In most cases, Sellers Disclosures are required by law. But there are exceptions. Builders who provide a warranty don’t have to offer a disclosure. Neither do sellers of estates where the owner has died and the heirs did not live in the house.
A divorcing couple may give a disclosure where one owner does not sign because he or she hasn't lived in the house for a while and cannot vouch for the present condition (although they may know of past problems). Moreover, disclosures do not cover everything you might care about.
For me, the seller’s disclosure is a list of things my buyer’s inspector needs to examine closely. I judge sellers by the attention paid to the form. Rather than a red flag, a thorough disclosure is an indication of an honest seller. If it's not completely filled out, I require that it be done during the inspection period.
Interestingly, the Pennsylvania statute requiring a disclosure provides a less comprehensive form than the one used by most Realtors. So most buyers actually get an expanded form of disclosure. Seller's agents are also required to disclose to buyers material defects they know of which their clients failed to disclose.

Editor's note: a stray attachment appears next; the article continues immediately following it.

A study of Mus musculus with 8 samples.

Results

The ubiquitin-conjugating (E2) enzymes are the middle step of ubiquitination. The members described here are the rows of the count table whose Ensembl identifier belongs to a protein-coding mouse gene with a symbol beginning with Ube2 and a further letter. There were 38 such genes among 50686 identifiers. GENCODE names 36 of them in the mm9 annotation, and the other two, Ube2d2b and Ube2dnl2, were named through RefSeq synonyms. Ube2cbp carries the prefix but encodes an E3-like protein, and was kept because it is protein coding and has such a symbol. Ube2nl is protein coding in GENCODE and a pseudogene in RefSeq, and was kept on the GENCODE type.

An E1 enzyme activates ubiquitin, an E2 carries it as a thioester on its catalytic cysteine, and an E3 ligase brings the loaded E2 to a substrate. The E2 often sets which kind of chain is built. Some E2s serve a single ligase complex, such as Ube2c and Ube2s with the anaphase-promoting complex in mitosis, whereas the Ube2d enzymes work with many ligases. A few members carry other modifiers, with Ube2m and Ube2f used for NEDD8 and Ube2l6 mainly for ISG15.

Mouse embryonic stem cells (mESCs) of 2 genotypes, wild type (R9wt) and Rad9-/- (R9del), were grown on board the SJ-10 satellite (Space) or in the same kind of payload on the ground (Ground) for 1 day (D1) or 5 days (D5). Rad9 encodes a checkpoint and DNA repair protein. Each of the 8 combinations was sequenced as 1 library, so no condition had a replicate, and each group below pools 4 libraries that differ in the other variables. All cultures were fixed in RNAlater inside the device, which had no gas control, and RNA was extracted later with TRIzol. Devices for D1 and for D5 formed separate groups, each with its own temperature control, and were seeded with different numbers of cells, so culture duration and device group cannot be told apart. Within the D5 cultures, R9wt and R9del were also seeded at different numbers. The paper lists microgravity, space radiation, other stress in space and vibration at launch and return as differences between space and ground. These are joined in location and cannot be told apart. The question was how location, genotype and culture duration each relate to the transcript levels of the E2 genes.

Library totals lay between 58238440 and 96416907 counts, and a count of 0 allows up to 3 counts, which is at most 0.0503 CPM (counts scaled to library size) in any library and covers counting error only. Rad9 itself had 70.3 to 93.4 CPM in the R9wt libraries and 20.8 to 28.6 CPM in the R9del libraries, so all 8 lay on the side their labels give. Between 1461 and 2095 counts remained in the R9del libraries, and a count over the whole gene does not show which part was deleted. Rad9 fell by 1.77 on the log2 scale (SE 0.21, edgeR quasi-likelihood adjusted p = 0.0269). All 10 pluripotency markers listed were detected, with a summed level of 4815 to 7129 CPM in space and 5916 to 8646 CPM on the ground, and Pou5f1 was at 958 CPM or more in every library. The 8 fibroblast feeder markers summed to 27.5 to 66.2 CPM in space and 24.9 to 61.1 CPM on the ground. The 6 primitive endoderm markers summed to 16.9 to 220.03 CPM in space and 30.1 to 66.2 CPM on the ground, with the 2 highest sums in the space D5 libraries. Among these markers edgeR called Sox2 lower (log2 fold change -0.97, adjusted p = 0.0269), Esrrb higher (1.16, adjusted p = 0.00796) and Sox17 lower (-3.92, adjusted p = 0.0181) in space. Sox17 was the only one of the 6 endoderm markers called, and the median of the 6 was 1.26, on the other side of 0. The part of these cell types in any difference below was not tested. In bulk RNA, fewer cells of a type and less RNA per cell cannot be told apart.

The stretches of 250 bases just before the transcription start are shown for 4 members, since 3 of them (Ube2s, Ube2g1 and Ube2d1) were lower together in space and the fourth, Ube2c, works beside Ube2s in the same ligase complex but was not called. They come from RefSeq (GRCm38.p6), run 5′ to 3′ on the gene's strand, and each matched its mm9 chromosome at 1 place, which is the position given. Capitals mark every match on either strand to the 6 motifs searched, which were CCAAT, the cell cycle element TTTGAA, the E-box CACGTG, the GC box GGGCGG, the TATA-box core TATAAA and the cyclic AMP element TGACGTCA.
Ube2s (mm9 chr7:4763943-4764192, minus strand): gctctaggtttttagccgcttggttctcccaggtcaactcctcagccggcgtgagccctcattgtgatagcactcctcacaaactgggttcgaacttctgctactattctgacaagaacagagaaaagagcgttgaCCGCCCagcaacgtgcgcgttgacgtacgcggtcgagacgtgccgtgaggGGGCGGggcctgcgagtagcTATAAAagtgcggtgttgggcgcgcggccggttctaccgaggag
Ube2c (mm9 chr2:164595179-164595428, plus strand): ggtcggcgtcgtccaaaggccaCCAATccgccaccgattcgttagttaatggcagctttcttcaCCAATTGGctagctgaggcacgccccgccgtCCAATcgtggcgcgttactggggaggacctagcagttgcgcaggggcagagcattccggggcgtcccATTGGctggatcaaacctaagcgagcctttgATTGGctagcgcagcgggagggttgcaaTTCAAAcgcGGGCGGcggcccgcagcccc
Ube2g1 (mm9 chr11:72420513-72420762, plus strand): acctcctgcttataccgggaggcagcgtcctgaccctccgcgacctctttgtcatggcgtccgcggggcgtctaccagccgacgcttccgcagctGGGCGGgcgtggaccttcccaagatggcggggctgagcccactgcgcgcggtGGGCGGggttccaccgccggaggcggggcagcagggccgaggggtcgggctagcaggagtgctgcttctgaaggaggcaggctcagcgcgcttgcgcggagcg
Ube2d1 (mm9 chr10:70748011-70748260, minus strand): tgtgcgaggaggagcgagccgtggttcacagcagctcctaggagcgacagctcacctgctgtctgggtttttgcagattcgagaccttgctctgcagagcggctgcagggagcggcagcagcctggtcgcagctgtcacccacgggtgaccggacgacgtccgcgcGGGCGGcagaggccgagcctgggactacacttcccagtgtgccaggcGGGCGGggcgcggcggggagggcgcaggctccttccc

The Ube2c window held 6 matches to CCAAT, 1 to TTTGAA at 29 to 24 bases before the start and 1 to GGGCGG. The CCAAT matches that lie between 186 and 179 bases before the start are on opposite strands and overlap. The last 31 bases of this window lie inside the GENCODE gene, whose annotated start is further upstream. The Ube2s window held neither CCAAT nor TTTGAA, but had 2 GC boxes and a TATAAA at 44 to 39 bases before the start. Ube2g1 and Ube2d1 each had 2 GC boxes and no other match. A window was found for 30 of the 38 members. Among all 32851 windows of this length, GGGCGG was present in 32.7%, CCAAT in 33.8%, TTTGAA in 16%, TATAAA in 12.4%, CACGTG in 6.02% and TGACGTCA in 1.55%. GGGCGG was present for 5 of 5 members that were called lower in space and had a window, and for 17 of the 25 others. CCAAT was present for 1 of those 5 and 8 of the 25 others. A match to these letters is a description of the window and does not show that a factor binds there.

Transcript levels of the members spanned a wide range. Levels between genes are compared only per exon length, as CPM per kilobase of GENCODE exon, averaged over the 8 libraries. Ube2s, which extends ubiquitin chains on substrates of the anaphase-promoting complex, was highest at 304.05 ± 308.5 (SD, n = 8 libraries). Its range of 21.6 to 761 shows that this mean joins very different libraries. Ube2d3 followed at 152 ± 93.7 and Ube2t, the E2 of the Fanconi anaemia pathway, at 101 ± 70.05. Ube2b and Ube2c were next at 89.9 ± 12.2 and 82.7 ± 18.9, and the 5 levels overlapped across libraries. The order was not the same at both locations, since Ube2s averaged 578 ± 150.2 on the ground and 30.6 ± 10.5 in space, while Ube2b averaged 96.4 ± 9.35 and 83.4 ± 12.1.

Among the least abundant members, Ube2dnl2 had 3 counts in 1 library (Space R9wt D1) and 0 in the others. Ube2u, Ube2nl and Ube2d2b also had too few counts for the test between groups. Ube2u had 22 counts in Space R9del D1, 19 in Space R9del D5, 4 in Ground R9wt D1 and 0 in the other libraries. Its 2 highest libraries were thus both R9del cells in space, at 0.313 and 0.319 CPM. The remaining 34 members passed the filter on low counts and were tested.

Because the standard Agreement of Sale “erases” any claims for problems after the house is bought, the Sellers Disclosure is arguably the sole recourse available to a buyer who runs into problems after closing. The problems must be “material” or pose a “health or safety risk” — so not everything is covered. And sellers must have known and lied about the issue on the form in order for a buyer to collect any money. In fact, Sellers Disclosures tend to protect sellers more than the buyers, as sellers get an opportunity to put the buyer on notice concerning a whole list of issues.
I'm all about careful analysis, but requesting to see a detailed list of a home’s issues before you even walk through the door might deter you from seeing a home that’s perfect for you, simply because the sellers may be overly cautious in filling out the form. Usually, I get a seller’s disclosure once my clients have seen the home and may make an offer.
Remember, no house is perfect, and no seller’s disclosure guarantees that it will be. The goal is to minimize the risk. Use an agent with a good “eye”, read the form carefully, ask questions, and have your inspector check past problems to be sure they've been corrected.